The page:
Let’s get meta: on the revision process

September 8, 2016 Writing  No comments

“When you’re writing a story, you’re telling yourself the story. When you rewrite, your main job is taking out all the things that are not the story.” – John Gould according to Stephen King in On Writing

Just as the themes changed as the story developed, so too did the scenes and characters.

There is the story the readers get, and the story the writer knows.

In the first draft, Charlie was this brick wall hard-ass. He was immovable. Impenetrable. To the point that you were left wondering why Jamie even cared at all. He was, as the lingo goes, unsympathetic. Maybe he still is, but at least in the final version, he has some redeeming qualities.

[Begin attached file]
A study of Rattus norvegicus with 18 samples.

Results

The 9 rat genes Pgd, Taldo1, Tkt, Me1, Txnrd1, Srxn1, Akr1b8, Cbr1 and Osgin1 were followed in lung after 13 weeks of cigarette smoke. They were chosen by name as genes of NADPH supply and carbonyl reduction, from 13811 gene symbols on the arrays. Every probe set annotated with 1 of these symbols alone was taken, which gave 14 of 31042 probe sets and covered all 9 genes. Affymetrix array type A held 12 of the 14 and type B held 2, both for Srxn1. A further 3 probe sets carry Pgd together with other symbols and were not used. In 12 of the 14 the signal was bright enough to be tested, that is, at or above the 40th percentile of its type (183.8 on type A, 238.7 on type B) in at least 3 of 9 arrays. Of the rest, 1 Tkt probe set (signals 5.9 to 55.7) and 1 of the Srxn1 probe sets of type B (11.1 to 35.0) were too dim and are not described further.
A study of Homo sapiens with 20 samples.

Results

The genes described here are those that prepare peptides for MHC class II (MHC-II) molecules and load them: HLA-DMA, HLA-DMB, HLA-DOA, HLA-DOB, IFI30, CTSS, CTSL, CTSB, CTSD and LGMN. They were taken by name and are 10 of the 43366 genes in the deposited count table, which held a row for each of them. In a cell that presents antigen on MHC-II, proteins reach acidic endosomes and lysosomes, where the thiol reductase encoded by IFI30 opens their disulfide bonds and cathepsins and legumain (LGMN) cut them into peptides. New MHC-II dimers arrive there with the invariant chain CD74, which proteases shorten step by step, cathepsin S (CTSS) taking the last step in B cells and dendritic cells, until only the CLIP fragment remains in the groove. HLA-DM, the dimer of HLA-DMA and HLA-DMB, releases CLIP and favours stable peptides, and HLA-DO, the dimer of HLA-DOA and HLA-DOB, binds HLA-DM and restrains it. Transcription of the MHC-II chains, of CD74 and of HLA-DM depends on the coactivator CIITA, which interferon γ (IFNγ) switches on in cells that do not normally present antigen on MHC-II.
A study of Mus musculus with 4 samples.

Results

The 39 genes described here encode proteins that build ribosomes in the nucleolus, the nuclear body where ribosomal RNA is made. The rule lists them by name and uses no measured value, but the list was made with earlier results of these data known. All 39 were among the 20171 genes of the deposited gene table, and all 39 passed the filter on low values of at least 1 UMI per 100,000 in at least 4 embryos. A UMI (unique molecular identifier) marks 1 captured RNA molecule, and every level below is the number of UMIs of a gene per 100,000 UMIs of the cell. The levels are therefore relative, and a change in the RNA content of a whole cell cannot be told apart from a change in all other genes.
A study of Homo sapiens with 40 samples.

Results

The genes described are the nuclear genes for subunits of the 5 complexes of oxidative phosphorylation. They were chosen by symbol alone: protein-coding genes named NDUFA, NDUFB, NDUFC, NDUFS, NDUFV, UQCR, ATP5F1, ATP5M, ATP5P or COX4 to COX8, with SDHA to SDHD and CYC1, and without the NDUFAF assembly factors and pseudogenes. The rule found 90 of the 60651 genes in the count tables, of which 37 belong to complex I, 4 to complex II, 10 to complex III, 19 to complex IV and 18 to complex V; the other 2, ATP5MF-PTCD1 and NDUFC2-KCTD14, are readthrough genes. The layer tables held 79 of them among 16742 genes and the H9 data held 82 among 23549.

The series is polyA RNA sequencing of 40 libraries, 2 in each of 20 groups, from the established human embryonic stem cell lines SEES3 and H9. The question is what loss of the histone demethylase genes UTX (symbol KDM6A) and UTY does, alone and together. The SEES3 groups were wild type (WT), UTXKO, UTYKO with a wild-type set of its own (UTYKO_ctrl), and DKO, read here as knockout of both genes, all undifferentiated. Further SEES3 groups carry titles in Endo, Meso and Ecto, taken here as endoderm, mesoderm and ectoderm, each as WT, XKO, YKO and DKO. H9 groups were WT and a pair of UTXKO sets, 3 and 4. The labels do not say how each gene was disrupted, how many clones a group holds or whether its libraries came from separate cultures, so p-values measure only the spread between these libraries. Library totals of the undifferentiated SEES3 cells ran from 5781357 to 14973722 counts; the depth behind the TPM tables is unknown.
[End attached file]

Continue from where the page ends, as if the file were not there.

And so, I guess what I’m trying to get at is, that while he is now more fully developed and alive on the page, and that version of him is real to me, so too is the early version of him. Both versions of him exist inside my head. Kind of like his own private character development that only I know.

This has happened with some of the scenes inside the book. Some of those scenes were cut entirely, some have undergone overhauls. The final versions of the scenes that ended up in the book are the best versions—or at least as best as I was capable of making them at that point in time. And they serve the story in the best possible way. But somewhere inside the tunnels of my head still exist those earlier forms of those scenes, shooting off like tangents and alternative endings.

And I suppose that’s the fun of being the creator. You get to unearth and un-layer the gem of the story, while still knowing the alternatives that could have been. Like you know the whole world, and you’re just choosing to share the best rendition of it.


Just some thoughts I had 🙂 


Until next time, farewell & may your life never cease to be filled with wonder and curiosity.